One of biggest problems with our K-12 education system is that it’s not exactly a haven for original thinkers.
That’s probably by design. At the administrative level, at least, signs of creativity or independent-mindedness are quickly quashed, while strict management hierarchies and autocratic school leaders encourage conformity and group-think.
Among the more egregious examples of this mindless orthodoxy are so-called “zero tolerance policies,” predicated on the ridiculous premise that certain behaviors — as identified by administrators — are always equally bad, irrespective of circumstances and regardless of degree.
That’s the sort of reasoning, or lack of reasoning, that leads to the suspension of a sixth-grader for having a Tweetie Bird keychain, as happened in one local county a few years ago. The school system had included chains on its banned weapons list, causing some logically challenged administrator to conclude that the little girl must be primed for mayhem — even though the “weapon” in question was 10 inches long and sported a plastic cartoon character.
Recently we’ve been treated to a few other examples of outrageous “zero tolerance” abuses, including one that made national headlines when Erin Cox, a Massachusetts high school senior, was asked by a drunken friend to pick her up from a party.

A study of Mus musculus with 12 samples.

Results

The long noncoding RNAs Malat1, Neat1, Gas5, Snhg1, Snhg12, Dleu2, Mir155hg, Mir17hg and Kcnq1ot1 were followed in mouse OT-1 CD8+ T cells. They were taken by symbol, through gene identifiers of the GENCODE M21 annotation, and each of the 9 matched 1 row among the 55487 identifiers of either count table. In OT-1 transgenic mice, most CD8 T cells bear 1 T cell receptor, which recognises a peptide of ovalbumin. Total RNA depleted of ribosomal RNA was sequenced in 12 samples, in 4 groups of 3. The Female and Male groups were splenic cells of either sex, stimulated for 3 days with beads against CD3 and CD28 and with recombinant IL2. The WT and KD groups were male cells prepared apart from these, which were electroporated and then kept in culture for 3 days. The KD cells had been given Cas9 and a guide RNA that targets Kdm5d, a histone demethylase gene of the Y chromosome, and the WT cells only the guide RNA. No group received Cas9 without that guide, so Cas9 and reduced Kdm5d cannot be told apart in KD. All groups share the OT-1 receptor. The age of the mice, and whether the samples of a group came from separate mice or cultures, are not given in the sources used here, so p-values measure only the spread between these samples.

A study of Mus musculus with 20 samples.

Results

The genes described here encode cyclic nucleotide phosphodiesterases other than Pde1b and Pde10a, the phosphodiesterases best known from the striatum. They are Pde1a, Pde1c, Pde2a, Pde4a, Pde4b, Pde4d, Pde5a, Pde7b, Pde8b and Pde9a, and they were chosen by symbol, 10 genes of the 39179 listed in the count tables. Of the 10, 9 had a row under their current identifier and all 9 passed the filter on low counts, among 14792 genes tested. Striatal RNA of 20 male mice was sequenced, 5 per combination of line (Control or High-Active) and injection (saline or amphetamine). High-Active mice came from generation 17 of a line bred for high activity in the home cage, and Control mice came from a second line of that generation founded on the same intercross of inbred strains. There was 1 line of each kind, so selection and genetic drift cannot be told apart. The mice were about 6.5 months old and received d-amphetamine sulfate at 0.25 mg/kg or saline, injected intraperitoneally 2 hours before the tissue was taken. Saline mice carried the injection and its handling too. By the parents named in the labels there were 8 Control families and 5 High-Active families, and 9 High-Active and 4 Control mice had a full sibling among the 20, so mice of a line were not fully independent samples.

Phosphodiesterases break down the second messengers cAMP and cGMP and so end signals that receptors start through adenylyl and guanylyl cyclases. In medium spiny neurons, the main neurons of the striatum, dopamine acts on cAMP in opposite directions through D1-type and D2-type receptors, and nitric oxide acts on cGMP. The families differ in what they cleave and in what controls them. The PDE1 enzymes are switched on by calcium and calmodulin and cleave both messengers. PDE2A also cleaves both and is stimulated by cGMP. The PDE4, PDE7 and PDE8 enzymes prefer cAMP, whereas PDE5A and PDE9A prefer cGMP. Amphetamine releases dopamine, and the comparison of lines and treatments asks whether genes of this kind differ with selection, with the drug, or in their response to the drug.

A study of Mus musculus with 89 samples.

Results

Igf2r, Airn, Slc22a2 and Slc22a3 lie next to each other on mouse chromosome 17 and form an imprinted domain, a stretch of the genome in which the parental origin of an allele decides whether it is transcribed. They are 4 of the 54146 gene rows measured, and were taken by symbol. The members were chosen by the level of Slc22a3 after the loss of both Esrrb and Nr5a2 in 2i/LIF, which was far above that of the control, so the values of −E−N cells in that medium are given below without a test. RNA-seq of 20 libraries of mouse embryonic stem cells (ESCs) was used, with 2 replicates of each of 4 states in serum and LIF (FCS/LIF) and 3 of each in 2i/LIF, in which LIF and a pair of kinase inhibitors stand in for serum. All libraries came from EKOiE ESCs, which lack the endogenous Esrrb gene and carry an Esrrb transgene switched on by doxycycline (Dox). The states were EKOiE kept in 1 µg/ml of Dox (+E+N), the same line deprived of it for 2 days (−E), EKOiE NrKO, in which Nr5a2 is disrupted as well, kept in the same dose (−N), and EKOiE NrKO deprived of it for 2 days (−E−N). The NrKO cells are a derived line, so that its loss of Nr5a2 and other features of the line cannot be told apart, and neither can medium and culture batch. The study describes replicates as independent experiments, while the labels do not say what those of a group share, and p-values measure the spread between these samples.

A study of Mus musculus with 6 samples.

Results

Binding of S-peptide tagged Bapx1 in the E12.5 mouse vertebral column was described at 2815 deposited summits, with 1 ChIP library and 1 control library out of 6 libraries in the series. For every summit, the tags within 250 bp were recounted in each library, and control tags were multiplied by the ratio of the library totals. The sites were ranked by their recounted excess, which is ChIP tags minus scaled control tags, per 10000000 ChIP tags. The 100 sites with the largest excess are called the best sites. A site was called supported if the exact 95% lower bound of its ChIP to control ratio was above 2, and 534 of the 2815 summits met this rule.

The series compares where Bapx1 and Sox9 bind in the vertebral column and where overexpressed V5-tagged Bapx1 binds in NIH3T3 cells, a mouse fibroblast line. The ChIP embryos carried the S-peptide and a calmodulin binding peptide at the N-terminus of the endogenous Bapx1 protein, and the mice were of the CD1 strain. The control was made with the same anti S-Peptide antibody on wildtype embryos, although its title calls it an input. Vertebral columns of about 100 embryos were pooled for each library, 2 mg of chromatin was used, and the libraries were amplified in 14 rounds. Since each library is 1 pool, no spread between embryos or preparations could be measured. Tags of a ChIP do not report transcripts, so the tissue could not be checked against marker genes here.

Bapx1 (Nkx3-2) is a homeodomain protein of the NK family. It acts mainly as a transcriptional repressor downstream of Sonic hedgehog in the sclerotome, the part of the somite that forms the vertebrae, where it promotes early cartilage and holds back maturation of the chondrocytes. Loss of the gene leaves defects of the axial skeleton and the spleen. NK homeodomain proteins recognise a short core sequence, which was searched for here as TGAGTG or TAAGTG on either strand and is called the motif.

The cops arrived shortly after Erin and arrested several of the inebriated teenagers — but not Erin, who had not been drinking. Still, the school system in its infinite wisdom determined that Erin had violated its zero tolerance policy regarding alcohol simply by being in the wrong place at the wrong time. She was suspended from the volleyball team.
Locally, a Cobb County student was charged with a felony when school officers, during a random sweep of parked cars, discovered a fishing knife in his tackle box. Another boy faces similar charges after officers found a knife in his car console — which turned out to be an EMT rescue knife that his parents had given him specifically so he could cut his seat belt if he were ever in an accident.
This is absurd. It’s ludicrous. It’s preposterous. It’s positively ridiculous. Any adult who can’t tell the difference between a keychain and a weapon, or who doesn’t understand that keeping an EMT knife in your glove box is hardly the same thing as carrying a switchblade in your sock, has no business being in charge of anything, much less a school.
But that’s exactly the reason zero tolerance polices exist: So that self-styled “educators” don’t have to make judgment calls, something that would require using their common sense cortex, which for many of them atrophied long ago.
But that doesn’t mean we as parents have to tolerate their zero tolerance tyranny. We don’t. We should stand up against it whenever and wherever we can. Because if there’s one thing school administrators fear more than little girls with cartoon keychains, it’s hordes of angry parents outside their doors.
Rob Jenkins is a local freelance writer and author of “Family Man: The Art of Surviving Domestic Tranquility,” available at Books for Less in Buford and on Amazon. Email Rob at firstname.lastname@example.org or visit familymanthebook.com.